Ex-official accused of fraud getting $50,000 for injury

A former Chelsea selectwoman who faces federal extortion, tax evasion and fraud charges has received federal workers compensation payments of $50,000 a year.

Carole Swan has pleaded not guilty to charges she used her official position to extort $20,000 from a local construction company. She’s also accused of fraudulently charging the town more twice as much for a project than it cost her husband’s construction company to do the work.

Court documents obtained by the Kennebec Journal through a public records request show that Swan has received the workers comp payments for an arm and shoulder injury she sustained while working for the U.S. Postal Service in 1997.

The newspaper reported that federal prosecutors are seeking the return of at least $150,000 of the payments as part of the court case.

Swan’s attorney had no comment.


Suspected identity thief will face multiple counts

A New Hampshire man accused of assuming another person’s identity has been charged with multiple counts of fraud, tampering with public records, receiving stolen property, and other offenses.

State police said they arrested 54-year-old James Murnane Jr. of Pelham after a monthlong investigation.

He’s accused of fraudulently obtaining a New Hampshire non-driver identification card and a driver’s license after assuming another person’s identity.

Murnane was being arraigned Friday.


Foe of proposed F-35 base co-sponsoring a resolution

A Vermont lawmaker whose district would be affected by the possible basing of a new fighter jet in the Burlington area is proposing a legislative resolution against it.

Rep. George Cross is a Democrat representing Winooski, a small city in the flight path into and out of the Burlington International Airport where the F-35 fighter jet would be based.

Cross says his resolution has 30 co-sponsors and he hopes to garner more support from lawmakers around Vermont.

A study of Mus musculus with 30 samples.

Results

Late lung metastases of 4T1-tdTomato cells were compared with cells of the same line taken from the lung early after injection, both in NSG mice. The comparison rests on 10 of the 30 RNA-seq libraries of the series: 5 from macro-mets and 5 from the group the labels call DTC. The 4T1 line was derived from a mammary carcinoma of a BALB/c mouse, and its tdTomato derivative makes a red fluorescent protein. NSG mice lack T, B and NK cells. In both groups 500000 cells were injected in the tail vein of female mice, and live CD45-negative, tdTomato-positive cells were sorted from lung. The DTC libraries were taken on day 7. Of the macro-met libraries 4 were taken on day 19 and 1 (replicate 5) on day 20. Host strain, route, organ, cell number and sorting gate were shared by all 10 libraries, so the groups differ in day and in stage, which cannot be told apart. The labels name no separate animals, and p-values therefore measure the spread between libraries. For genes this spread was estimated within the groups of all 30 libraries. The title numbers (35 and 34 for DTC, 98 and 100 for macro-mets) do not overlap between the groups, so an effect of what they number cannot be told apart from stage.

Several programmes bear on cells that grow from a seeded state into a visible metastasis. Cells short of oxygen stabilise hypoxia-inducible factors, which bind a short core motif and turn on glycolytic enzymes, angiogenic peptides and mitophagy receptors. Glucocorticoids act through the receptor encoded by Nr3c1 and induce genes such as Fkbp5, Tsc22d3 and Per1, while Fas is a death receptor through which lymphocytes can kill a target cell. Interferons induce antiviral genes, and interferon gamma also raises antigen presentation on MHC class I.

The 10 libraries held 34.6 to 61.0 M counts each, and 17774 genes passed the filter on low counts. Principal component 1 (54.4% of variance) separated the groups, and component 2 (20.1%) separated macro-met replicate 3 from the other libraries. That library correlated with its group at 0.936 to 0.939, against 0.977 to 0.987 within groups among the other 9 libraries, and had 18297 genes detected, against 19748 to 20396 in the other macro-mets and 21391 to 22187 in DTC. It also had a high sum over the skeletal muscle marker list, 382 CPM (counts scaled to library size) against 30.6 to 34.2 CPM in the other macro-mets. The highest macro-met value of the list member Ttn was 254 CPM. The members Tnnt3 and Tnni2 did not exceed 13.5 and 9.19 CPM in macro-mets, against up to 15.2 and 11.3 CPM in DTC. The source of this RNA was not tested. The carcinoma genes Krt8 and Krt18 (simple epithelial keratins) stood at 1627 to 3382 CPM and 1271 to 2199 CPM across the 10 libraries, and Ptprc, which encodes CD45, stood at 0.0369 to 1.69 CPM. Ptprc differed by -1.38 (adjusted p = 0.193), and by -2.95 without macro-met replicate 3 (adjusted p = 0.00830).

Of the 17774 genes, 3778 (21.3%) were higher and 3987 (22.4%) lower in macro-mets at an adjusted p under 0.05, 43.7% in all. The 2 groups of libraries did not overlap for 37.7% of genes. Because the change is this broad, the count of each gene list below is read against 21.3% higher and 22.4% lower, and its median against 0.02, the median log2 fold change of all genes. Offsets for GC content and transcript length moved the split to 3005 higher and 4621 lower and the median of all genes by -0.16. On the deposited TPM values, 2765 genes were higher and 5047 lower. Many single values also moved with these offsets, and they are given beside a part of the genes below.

Supporters of the F-35 being housed with the Vermont Air National Guard say it would be an economic growth engine for northwestern Vermont.


Man sentenced for providing prostitutes for farm workers

A former Vermont state worker has been sentenced to six months of home detention for his role in a scheme to bring women from New York City to Vermont to engage in prostitution with farm workers.

Alex Young-Hernandez was sentenced Thursday in federal court in Brattleboro.

The 56-year-old worked as a case aide for the Department of Children and Family Services for 10 years at the time of his arrest, The Burlington Free Press reported.

Young-Hernandez said he learned about the prostitution operation in October 2010 from Jose Flores-Rocha at a trailer in northern Vermont where Young-Hernandez lived with several farm workers, according to court records.

“Flores-Rocha had brought a woman to his trailer to engage in sexual acts with at least one of Young-Hernandez’s roommates, who worked at a nearby farm. Flores-Rocha asked Young-Hernandez to provide numbers and names for farmer workers that might be interested in prostitution services. Young-Hernandez agreed,” said a sentencing memorandum filed by Assistant U.S. Attorney Heather Ross.

Flores-Rocha was arrested six months later by Border Patrol agents. A woman traveling with him said he had taken her to three farms on March 15, 2011, to provide sexual services to farm workers, court records said.

When Flores-Rocha was arrested, he had Young-Hernandez’s business card and three text messages from Young-Hernandez on his cellphone listing addresses of farms where workers were interested in receiving sexual services, the sentencing memorandum said.